Written by Joe Warminsky
Facebook says it shut down dozens of accounts, pages and groups intended to “engage in hate speech and spread divisive comments on both sides of the political debate” in the United Kingdom and in Romania.
It’s the latest announcement in the social media giant’s campaign to reduce “coordinated inauthentic behavior” on sites that it owns. In a news release Thursday, the company said 23 pages, 74 Facebook accounts, 5 groups, and 35 Instagram accounts were affected in the U.K. sweep. A separate four pages, 26 Facebook accounts, and one group were shut down in Romania.
“We didn’t find any links between these sets of activities, but they used similar tactics by creating networks of accounts to mislead others about who they were and what they were doing,” Facebook said.
The company did not specify who ran the operations. The perpetrators’ general goal in the U.K. was political disruption, Facebook said, given that in some cases, they posted information at the opposite poles of an issue.
“The individuals behind these accounts represented themselves as far-right and anti-far-right activists, frequently changed Page and Group names, and operated fake accounts to engage in hate speech and spread divisive comments on both sides of the political debate in the UK,” Facebook said. “Despite their misrepresentation of their identities, we found that these Pages, Groups and accounts were connected.”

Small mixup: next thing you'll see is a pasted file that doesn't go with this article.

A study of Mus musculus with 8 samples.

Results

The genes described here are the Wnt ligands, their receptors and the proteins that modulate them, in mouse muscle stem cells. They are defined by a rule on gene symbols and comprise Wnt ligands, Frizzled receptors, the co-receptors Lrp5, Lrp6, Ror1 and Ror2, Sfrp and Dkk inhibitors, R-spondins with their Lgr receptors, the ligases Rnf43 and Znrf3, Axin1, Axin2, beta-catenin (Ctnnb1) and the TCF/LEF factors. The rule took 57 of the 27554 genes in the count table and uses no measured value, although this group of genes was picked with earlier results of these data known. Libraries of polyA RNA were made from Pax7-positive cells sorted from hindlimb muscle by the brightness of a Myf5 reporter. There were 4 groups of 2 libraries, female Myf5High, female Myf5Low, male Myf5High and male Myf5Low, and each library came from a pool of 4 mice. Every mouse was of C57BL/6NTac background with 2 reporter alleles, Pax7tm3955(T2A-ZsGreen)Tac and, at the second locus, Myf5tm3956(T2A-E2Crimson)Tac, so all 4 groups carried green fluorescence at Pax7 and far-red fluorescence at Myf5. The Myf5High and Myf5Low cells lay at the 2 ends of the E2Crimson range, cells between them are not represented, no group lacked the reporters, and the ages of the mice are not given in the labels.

Discord was also the goal in Romania, Facebook said, but was generally geared in favor of the country’s ruling party.
“The Page admins and account owners typically posted about local news and political issues, including partisan news under fictitious bylines in support of the Social Democratic Party (PSD),” the company said. “They also shared divisive narratives and promoted content hosted by several domains that present themselves as news sites. Although the people behind this activity attempted to conceal their identities, our manual review found that some of this activity was linked to an individual associated with the PSD.”
Thursday’s announcement follows similar Facebook actions in Moldova, the Middle East and elsewhere since the beginning of 2019. The company calls it an “ongoing challenge” that it is addressing along with law enforcement, security experts and other companies.
“We are constantly working to detect and stop this type of activity because we don’t want our services to be used to manipulate people,” Facebook said. “We’re taking down these Pages and accounts based on their behavior, not the content they posted. In each of these cases, the people behind this activity coordinated with one another and used fake accounts to misrepresent themselves, and that was the basis for our action.”
Disinformation on social media has been a prominent theme at this week’s RSA cybersecurity conference in San Francisco. China was cited for a late-2018 state-media campaign aimed at Americans, and an official for Twitter said it has made strides in identifying bots.